There are three ways to get a CD made. The traditional way is to pay your dues, playing live and building up your experience and renown, and applying for grants to cover some of the costs. For those who can afford it, you can build your own studio and record yourself. But the way that everyone dreams of is to get discovered.
“Kevin Barr was there and he brought in Elmer Burchett, a banjo picker in from Louisville,” Riley explains. “He asked Kevin, ‘Who is this girl?’ and Kevin brought him into one of my Tangerine Ange Jams.”
After that, Riley went down to Louisville, Kentucky, where she recorded her CD, “Big Time”, with Burchett on rhythm guitar and banjo, and Randy Hayes on lead guitar, bass and drum.
Riley comes across as a country or Southern rock diva. Singing four of Burchett’s songs, three of her own and a few covers, Riley’s expansive voice rings out of these tracks.
Riley also performed with Wanda Jackson’s band in Nashville, Tennessee. She dedicated the CD to the rockabilly queen, paying tribute with three of Jackson’s songs, Fujiyama Mama, Mean Mean Man and Tongue Tied. She has fun with them, obviously enjoying the rhythm, the energy and the speed.
Burchett’s songs are a great vehicle for Riley’s voice and personality. Big Time, the CD opener, could be Riley’s story – a song about a person who is determined to make it in the music industry:
“Everybody tells me you’re crazy girl, you better stay where you are. But I’m going to hit the big time, they’re going to love me and my guitar.”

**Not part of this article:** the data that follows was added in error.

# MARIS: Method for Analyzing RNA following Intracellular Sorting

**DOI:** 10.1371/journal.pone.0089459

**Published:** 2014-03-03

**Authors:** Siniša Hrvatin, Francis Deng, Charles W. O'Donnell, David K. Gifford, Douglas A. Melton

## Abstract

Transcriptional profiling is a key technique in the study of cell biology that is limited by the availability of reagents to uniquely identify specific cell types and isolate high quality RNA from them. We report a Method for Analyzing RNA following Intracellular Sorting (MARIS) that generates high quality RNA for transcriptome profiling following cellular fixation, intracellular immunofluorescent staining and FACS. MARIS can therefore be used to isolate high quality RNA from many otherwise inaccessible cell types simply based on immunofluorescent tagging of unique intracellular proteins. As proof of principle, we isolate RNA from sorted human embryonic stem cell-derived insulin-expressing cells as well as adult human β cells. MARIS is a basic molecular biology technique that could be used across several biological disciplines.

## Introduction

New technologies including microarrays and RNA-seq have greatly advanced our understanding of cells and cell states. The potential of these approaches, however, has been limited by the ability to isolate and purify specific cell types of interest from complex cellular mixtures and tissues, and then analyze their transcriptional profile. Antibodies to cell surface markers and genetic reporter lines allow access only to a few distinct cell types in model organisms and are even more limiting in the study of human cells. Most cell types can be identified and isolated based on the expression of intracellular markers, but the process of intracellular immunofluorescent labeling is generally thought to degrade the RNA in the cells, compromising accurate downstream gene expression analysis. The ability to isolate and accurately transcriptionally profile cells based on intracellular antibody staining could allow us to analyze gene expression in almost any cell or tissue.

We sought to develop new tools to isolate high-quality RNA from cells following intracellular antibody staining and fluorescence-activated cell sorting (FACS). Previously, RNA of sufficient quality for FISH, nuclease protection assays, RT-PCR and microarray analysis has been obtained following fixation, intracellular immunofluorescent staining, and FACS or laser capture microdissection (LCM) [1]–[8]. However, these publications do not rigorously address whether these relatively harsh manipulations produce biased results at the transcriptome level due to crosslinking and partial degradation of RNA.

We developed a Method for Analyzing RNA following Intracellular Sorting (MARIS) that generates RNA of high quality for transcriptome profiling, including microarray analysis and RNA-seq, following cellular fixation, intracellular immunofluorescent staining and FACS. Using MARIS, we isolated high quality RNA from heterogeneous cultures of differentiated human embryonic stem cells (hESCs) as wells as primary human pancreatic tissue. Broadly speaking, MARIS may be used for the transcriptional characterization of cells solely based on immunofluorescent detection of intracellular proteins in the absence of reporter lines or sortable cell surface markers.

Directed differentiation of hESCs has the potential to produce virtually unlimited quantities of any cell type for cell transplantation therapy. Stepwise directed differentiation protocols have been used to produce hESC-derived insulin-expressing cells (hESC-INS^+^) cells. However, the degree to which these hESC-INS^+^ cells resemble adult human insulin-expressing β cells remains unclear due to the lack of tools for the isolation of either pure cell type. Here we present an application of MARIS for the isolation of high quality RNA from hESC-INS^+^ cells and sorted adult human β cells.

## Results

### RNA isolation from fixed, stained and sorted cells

Write a Love Song is slower and more tender, and with Burchett and Hayes fingerpicking behind her, Riley can sing softer, filling the melody with emotion.
The Devil Knows the Dance, another Burchett original, which should be a country rock hit, shows Riley’s incredible range. She hits soaring high notes without cracking. Her voice is her instrument and she plays it with complete control. Her vocal is powerful and passionate, fleshing out the songs, while Hayes’ electric guitar provides the bones.
There are times, however, when it seems she’s too much in control of herself.
When she performs Kris Kristofferson’s Me and Bobby McGee, a song that could allow her to rock out, she under-sings it, staying truer to the early recordings by Roger Miller and Gordon Lightfoot, rather than the wild, defining versions of Janis Joplin and Peggy Hanifan.
Whistle, one of Riley’s original songs, is pure raunch. She takes on a predatory character, a young woman out for a good time, in her in skin tight jeans:
“Come on boys, let me hear you whistle.”
With this song, she’s far from the ladylike role that won her the title of Rendezvous Queen.
Since recording the CD, Riley has been hitting the road. With Burchett’s contacts and guidance she’s sure to go places. She’s currently on a tour of Canada and the U.S.
“I want to travel with music,” she says, “and I’m doing it, so I’ve basically already achieved my goals.”
Outstanding Tracks: The Devil Knows the Dance and Whistle.